The Difference Between Children and Adults

The facts are relatively straightforward:

In Afghanistan, American soldiers inadvertently burned several copies of the Koran. Apparently, it was an honest mistake; however–predictably–it infuriated many Muslims. Some of them have responded violently, and a recent attack that killed two Americans may have been prompted by the incident.

President Obama apologized for the burning of the Muslim’s holy book.

Newt Gingrich and other Republicans criticized the President for apologizing even before the recent attacks. Locally, Gary Varvel’s cartoon on the matter showed caskets covered with American flags and the President off to the side apologizing–defiantly suggesting, with the attitude of five-year-olds everywhere, that “they’re worse than we are, so we shouldn’t apologize.”

Let’s (patiently–in the manner of parents of small children everywhere) use this as a “teachable” moment. A couple of lessons come to mind.

First, let’s try putting ourselves in the other guy’s shoes. How do you think the bible-thumpers in the United States would have reacted if bibles had been accidentally burned by Muslims? With reason and understanding, acknowledging that “accidents happen”? Of course not.

Now, let’s talk about appropriate/inappropriate behavior. Violence is never appropriate; it is a sign of immaturity and lack of discipline. It doesn’t matter “who started it”–fighting doesn’t solve anything. It makes things worse, and it doesn’t persuade anyone of anything. So the Afghans’ response was wrong.

Lesson three is important. Adults apologize for their mistakes. Those apologies are not a sign of weakness; quite the contrary. As we constantly admonish our children, admitting when you’ve done something wrong–accidentally or purposely–and saying “I’m sorry” when that is appropriate are signs of honesty and maturity.

And as I used to tell my children, you apologize when you’ve done something wrong even if the other guy is a jerk who doesn’t accept that apology. Because it’s the right thing to do.

It’s what separates the children from the adults.


  1. Thanks Prof K.
    I am a firm believer that our lives (and our country) would all be better if we kept applying those things that were tought in Kindergarten.
    Don’t Lie. Say Please & Thank You.
    Admit when you are wrong.
    Apologize when you err.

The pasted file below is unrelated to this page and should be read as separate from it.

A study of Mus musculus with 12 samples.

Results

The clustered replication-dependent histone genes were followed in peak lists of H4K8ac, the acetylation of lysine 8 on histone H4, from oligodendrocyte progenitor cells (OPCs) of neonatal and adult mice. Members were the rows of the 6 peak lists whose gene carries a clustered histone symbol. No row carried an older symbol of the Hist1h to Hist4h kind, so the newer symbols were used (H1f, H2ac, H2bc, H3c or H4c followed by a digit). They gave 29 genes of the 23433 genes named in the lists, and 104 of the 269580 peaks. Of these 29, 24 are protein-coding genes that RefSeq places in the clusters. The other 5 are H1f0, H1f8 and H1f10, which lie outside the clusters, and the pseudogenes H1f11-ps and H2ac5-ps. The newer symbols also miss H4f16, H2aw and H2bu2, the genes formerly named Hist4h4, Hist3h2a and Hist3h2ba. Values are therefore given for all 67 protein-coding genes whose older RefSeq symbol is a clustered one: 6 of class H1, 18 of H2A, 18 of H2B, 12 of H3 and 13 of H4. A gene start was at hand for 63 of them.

Simple stuff
    WAY too complex for the Varvels of this world.

  2. Amen to taking the basics of Kindergarten or the family unit and applying them to our “lives and country”. Just because we have well-intended ideals and the scale of government to play with, doesn’t make some goals any more achievable than they are at home or in the classroom.

    Spending $5 billion per business day to fund benefits we couldn’t afford even after cutting defense and further taxing the rich comes to mind. We generally eat out less and don’t take as many field trips when money is tight at home or in the classroom. In D.C., it’s the bipartisan cue for round after round of “stimulus” or “quantitative easing”.

    Thank you for acknowledging the lack on intent in burning the Korans. I’m sure there would be outrage over Bible burnings. When the Christians start flying hijacked planes into mosques to target thousands of civilians, then I’ll believe less in the terror of a few extremists and more in an all-out Holy War.

  3. If President Obama had not apologized for the inadvertent burning of the Koran, he would have been sharply criticized for that, too–by the same wingnuts.

    This is the grown-up version of the demolition derby. Newt’s down–way down–and grasping at anything he can find.

  4. He repeated on “Meet The Press” this morning that since the burning was accidental, there should be no apology. Unfortunately, lawyers often advise against apologies because they can be seen as an admission of civil liability. But that’s not what this is all about by a long shot.